Index Silver Screens
Greater Los Angeles (2)
The theater is part of an shopping center, with a large food-court (in front of the theater), a large Sega arcade, a huge Barnes-And-Nobles bookstore, a Tower Records store, and other stores.
OntarioEast of L.A. A huge mall near the freeway. This is getting wild!
Ultrascreen Theatre and AMC 30
The Edwards 22 seems to be based on Irvine's Edwards 21, but a few years later (it opened in early 1997). The auditoriums are larger, they all have stadium seating, curved screens and digital sound. Like the Edwards 21, the largest auditoriums wear names from the golden age of movie theaters palaces, and are decorated accordingly. The largest auditorium is the "Grand Palace"; it can seat up to 750 people, and it has the largest screen on the West Coast (85ft!). The two other largest auditoriums, the "Chinese" and the "Hollywood", are a bit smaller.
Why are these two multiplexes located so close to one another? It looks like Edwards started to plan a theater in the mall, before giving up on that idea (AMC later built a theater there), and decided to build the Edwards 22. Few movies are played in both theaters, but many are played in three or four auditoriums.
MurrietaThe Movie Experience 17
On the I-15 (one of the freeways leading to San Diego), The Movie Experience built this seventeen-screen theater, which became the company's showcase. There is SDDS sound, but seemingly not in every auditorium.
The usual question: "What makes this multiplex different from the others?" - Well, among our concession stands, we have a real cafe; and we are the largest all-THX movie theater in the United States...
Twenty-five auditoriums, all with the THX label! This theater owns 25 times more THX auditoriums than all Paris (in theaters open to the public)! The proof than THX still is a major player in movie theaters.
All auditoriums (for a total of 5,500 seats), located on the same level, have stadium seating and digital sound. The two largest (theaters 1 and 13) are identical; they have 525 seats, and the screens are about 80ft wide. The screens in all other auditoriums are 30 to 65 feet wide, and have ratios of 1.85; 65ft-screens are about as high as the screens in the largest auditoriums; a widescreen movie will be very nice, whereas the picture of a 1.85 movie will be really big.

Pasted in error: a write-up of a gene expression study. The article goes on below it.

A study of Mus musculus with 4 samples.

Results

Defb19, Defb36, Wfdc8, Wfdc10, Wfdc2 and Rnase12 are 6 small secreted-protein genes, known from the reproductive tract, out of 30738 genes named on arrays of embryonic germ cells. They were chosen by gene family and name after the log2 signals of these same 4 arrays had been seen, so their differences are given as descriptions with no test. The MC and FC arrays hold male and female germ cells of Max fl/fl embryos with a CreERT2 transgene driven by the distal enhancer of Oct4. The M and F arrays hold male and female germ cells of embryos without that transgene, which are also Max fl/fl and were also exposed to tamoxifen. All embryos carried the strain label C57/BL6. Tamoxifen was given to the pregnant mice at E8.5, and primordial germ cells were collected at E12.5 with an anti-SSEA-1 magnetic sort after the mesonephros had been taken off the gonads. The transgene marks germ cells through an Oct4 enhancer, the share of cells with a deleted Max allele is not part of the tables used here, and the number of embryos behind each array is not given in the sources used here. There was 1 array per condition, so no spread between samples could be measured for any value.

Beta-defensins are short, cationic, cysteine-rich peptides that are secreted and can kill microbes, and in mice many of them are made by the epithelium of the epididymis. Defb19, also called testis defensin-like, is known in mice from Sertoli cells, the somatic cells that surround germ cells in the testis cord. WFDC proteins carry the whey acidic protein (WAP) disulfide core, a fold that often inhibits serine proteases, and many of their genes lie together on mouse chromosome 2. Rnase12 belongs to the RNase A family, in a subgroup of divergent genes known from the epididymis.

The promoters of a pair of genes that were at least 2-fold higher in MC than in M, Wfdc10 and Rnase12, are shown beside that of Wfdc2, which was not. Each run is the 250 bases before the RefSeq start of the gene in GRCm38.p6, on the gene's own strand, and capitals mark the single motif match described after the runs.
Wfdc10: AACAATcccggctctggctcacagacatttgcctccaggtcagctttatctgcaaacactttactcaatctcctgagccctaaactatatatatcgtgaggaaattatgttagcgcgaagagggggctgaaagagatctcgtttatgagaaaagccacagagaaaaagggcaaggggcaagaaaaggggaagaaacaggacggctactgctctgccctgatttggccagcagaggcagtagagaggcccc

Near the theater is a complex of restaurants and a large video arcade.
AMC 30 at the Block
Santa MonicaAnother dream name. Santa Monica is near the Ocean; it is crossed by a pleasant pedestrian shopping street, 3rd Street Promenade, bordered with many stores, restaurants, bars, and also most of the city's movie theaters. The AMC has seven auditoriums with SDDS sound, the Mann Criterion six, all with digital sound and THX, the Cineplex Odeon Broadway four with DTS sound. The Laemmle Monica 4 (four screens), closer to the Ocean on 2nd Street, and the Landmark NuWilshire (two screens), play art movies.
The fate of traditional movieplexesAmerican movie theaters from the eighties were usually more than correct: rather large auditoriums with screens up to 40 to 50 feet, while the smaller auditoriums were decent, usually with Dolby Stereo sound, sometimes even digital sound. But these complexes hardly put up with the arrival of large modern multiplexes, offering larger screens, larger choices of movies and schedules, brighter and more friendly lobbies. And when it comes to older and smaller theaters, the choice is even easier...
Most of these theaters are still open, but many close down when multiplexes are built nearby.
AMC Plaza 10 Puente Hills/AMC Puente Hills 20
The relief team: theAMC Puente Hills 20
ConclusionLos Angeles was a birthplace for many movie palaces. Nowadays, after many changes, few palaces still exist, but they seem to be there to stay. More and more, multiscreen theaters are replaced by brand new multiplexes; love them or not, but viewing conditions have never been better, thanks to quality equipments, large screens, digital sound, room for the legs, stadium seating...
Acknowledgements : Many thanks to : Chris Hood (Cinemapolis Anaheim Hills), Ray Mealey (Edwards 22 Ontario), and David Stowers (Century Stadium 25 Orange), who helped me a lot.
All pictures : Silver Screens © 1999.